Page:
Beyond expressing the deepest sympathy for his family, I have found it difficult to know how to write about the tragic shooting death of young Trayvon Martin, the Florida teen who was killed in February by a neighborhood watchman. One of the main reasons is that I haven't formed an opinion yet of what actually happened.

I don't know if I'm the only person in America in this predicament. Some days it seems that way. Everyone on TV seems awfully certain about what happened, or at least about what the issues are—or at any rate about the other (political) side's disingenuous attitude. But speaking for myself, I'm not sure. Even if Trayvon was not killed out of racist hatred, that certainly wouldn't mean that his killing was justified, or that no one made any mistakes. The shooter and the police might have done so. The matter clearly warrants a full investigation.

And while I'm not prepared to jump to conclusions about racism in this incident, I am in full sympathy with those who want to turn a spotlight on the authorities, and make sure that nothing is swept under the rug, that whatever justice we can manage is done, and that we learn from this tragedy the things that can help us in the future. A teenager was killed, under circumstances the public doesn't fully understand. We need to get to the bottom of it.

Maybe I'm not alone, though, in having questions rather than certainties. Just as I am not convinced that non-black Americans are uniformly indifferent to Trayvon Martin's fate, so I doubt that the voices calling for extra-legal measures against the shooter, George Zimmerman, are representative of black Americans. I have known too many people of all kinds to suppose that politicized archetypes are representative—and I think most of us have today.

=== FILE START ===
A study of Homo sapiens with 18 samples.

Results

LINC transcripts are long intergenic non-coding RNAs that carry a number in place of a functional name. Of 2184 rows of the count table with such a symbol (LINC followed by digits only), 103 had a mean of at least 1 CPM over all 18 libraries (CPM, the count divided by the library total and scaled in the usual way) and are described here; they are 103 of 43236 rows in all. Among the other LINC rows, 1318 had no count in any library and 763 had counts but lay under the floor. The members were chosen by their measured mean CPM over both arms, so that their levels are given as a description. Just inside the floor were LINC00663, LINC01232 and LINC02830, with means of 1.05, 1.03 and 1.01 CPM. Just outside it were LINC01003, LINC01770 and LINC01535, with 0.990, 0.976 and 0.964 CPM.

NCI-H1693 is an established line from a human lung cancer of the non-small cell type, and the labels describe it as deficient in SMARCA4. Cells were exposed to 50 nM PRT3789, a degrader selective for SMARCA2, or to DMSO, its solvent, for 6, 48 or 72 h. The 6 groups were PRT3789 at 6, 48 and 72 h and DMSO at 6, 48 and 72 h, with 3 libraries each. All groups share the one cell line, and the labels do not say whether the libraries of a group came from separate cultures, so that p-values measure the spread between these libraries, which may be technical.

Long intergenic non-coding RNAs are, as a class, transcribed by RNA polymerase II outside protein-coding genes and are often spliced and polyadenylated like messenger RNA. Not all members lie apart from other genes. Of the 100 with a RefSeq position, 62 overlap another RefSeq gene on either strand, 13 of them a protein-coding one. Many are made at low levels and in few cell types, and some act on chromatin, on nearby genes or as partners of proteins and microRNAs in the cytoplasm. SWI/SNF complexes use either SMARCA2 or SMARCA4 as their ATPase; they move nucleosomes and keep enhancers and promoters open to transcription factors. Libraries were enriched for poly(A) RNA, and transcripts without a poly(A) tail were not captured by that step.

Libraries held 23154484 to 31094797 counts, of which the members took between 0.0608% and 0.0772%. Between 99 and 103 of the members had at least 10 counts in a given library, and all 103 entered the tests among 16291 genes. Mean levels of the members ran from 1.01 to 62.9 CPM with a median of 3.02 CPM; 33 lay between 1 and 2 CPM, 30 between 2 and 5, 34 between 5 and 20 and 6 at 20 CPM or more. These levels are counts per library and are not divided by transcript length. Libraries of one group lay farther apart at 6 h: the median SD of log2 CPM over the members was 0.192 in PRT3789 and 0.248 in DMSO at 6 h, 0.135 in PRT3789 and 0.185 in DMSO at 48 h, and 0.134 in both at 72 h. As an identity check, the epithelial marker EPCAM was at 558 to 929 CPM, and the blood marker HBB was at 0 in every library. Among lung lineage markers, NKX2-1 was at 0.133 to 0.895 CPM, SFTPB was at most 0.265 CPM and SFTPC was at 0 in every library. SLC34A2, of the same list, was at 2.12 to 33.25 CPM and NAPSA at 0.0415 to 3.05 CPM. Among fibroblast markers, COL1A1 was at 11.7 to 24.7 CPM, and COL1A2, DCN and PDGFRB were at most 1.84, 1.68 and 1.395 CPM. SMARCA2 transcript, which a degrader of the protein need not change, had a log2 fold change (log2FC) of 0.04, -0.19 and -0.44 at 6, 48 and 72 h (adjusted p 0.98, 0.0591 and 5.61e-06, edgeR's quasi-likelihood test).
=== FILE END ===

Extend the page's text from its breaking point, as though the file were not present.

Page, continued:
It's easy to be swept along in the media fervor and the extremely vocal arguments about this case, but I don't really think the anger and politics that dominate the media coverage are the truth on the ground across America. A moment's reflection reminds me that in my thoroughly "mixed" neighborhood, nothing has changed in how we all regard and interact with each other. We are simply neighbors.

Granted, this is suburban America—by no means wealthy, but solidly middle class. As an adult I have always lived in "mixed" middle-class American neighborhoods. Millions have. There is a very large, expansive America in which people of all races and ethnicities live in the same neighborhoods and see their security and their quality of life in the same way. This America is real. It has existed everywhere I have lived in the United States (including Florida).

I am emphatic about this because it is now a significant, defining reality. America has changed since the 1960s—changed in the ways people back then hoped it would. The neighborhoods and work places people once dreamt of are here, all around us. The record of renewal for poor, inner-city neighborhoods is spotty; it's not that there is nothing left to be done. But the races of America living together in harmony is a present reality in too many places to be discounted as meaningless or unrepresentative.